During my recent residency at Vermont College, a friend told me a metaphor for religion that bears repeating: âReligion is like a supermarket. We enter with needs and wants, and we go through filling our basket with these things. But we do not have to buy everything in the store.â I found this anecdote particularly relevant to my own search for spirituality. It sums up my philosophy on organized religion remarkably well.
I was born and raised as a Bahaâi. In fact, my namesake was a writer who chronicled the early days of the Bahaâi Faith (a hefty tome called The Dawnbreakers). The basis of the religion is that Bahaâuâllah is the most recent messenger of God, one of a long line that includes Abraham, Moses, Buddha, Zoroaster, Christ, and Muhammad. The Bahaâi Faithâs core beliefs revolve around the concept of world unity and equality.
All in all, those seem to be a pretty solid groundwork to base a religion on. It stands to reason that since humanity continues to grow and mature, the Word of God must be updated from time to time. This is further obviated by manâs fallible nature: considering the known level of corruption that has existed in the seat of power of various religions in the past, it is not outside the realm of possibility that the original message is not nearly as pure as it once was. And as for the principles for a religion to teach, compassion and equality are really rather high on the list of ideals Iâd like to see encouraged.
I was one of four Bahaâi children in my school district (two families: my brother and I, and the other family had two girls). Growing up, I always looked forward to Bahaâi holy days, because it meant that I had an excused absence from school on those days, which our community would often do interesting things for (one holy day that happens in October, we would hike a mountain each year and say prayers at the top, things like that). Really, it was a rather nice religion to be raised a part of. That said, at this point in my life, I am really more of a âlapsed Bahaâiâ than anything else.
There are reasons for this. At the surface, there is the frustration in being part of a minority, and regularly having to explain what the religion is about. Also, there was the frustration of school functions which were largely christian in nature (and letâs not forget the mandatory ânon-denominationalâ services with the Boy Scouts). These frustrations werenât exactly conducive to following your own beliefs.
On a more personal level, the religion itself pushed me away. While I like what the Faith teaches, the great majority of Bahaâis Iâve met were well meaning, very nice, intelligent, and FLUFFY, for lack of a better term. When I say âfluffyâ, I mean that it feels like they are âborn-againâ, and are trying to be EXTRA loving and religious in order to make up for lost time. I donât think this make them bad people, but it does make me uncomfortable at some fundamental level. I feel that while we should always strive for excellence, we must also balance that with moderation: anything taken to an extreme, including religion, isnât healthy. Please also note that I am making a distinction between religion, and faith. It is an important distinction, and really the crux of what Iâm talking about.
I believe in Bahaâuâllah. I believe in God or at least some sort of higher power that may as well be called such. Also, I like what the Bahaâi Faith teaches as a basis for religion, but it is the religion (and really all others Iâve run into) that I am bothered with. I am an introvert and a generally private individual (this paper, itself, has taken a great deal of tooth-pulling to even write), and find myself somewhat irritated that others try to foist their take on what is at its core a personal relationship with oneâs connection to the universe, for the sake of organization. We as a society busy ourselves by meddling in the personal lives of our neighbors rather than realizing that it is not our place to judge the actions of others. This is the difference between faith and religion: faith is by its nature private, it is the communion between god and yourself. Faith is the contemplation and belief in certain things (whether it is the nature of the universe, or guidelines for better living in the here and now). Religion is taking faith and making it a spectacle. It compartmentalizes and socializes belief, so that instead of gleaning your own conclusions (going back to the supermarket metaphor, buying the things on YOUR list), you are told what you should believe (everyone receives the same ârationsâ).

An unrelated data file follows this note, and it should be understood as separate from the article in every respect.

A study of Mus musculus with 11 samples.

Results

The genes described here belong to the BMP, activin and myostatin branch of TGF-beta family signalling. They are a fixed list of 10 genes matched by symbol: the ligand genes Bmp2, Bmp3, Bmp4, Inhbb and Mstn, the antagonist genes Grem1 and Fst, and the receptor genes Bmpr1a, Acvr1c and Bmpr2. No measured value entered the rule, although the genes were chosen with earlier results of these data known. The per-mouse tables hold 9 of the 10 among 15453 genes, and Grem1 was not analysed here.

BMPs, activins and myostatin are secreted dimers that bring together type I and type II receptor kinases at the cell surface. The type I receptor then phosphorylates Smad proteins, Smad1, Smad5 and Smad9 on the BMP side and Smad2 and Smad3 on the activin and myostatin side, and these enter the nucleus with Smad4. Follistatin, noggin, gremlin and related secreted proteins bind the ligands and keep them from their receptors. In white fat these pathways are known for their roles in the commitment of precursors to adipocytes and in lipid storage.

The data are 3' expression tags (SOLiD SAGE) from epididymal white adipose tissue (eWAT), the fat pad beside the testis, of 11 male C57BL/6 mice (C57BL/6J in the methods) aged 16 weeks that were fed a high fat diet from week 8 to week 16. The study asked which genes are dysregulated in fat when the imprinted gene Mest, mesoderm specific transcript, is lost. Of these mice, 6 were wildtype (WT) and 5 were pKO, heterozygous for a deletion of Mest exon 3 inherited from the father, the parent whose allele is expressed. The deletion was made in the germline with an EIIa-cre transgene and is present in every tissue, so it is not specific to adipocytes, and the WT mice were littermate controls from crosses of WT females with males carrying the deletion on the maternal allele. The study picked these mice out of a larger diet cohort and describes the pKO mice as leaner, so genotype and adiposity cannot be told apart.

And instead of realizing this and doing my own thing and not worrying about the rest, thus living a fuller, richer spiritual life, I get worked up about it. I spend my energy railing about how frustrating and disillusioning organized religion is in an age of distributed communication and knowledge, where it is easy to find the holes and flaws in any religion. Of course there are flaws in religion. Theyâre made by man. Weâre not perfect. That doesnât mean the principles of and the basis for the religion is wrong.
What Iâm saying is that there should be more effort made to separate the religion (the structure) from the faith (the content). Let people make decisions for themselves, give them the material to make educated choices, and see what happens. If someone decides that they want to combine aspects of Buddhism, Zoroastrianism, and Bahaâi, then so be it, more power to them. That doesnât mean that the next person wonât decide that a combination of Judaism and Hinduism is a better fit for themselves. Let us as a race awaken into a Collective Conscious (vs unconscious), and bring it all back to what really matters: the individualâs relationship with God.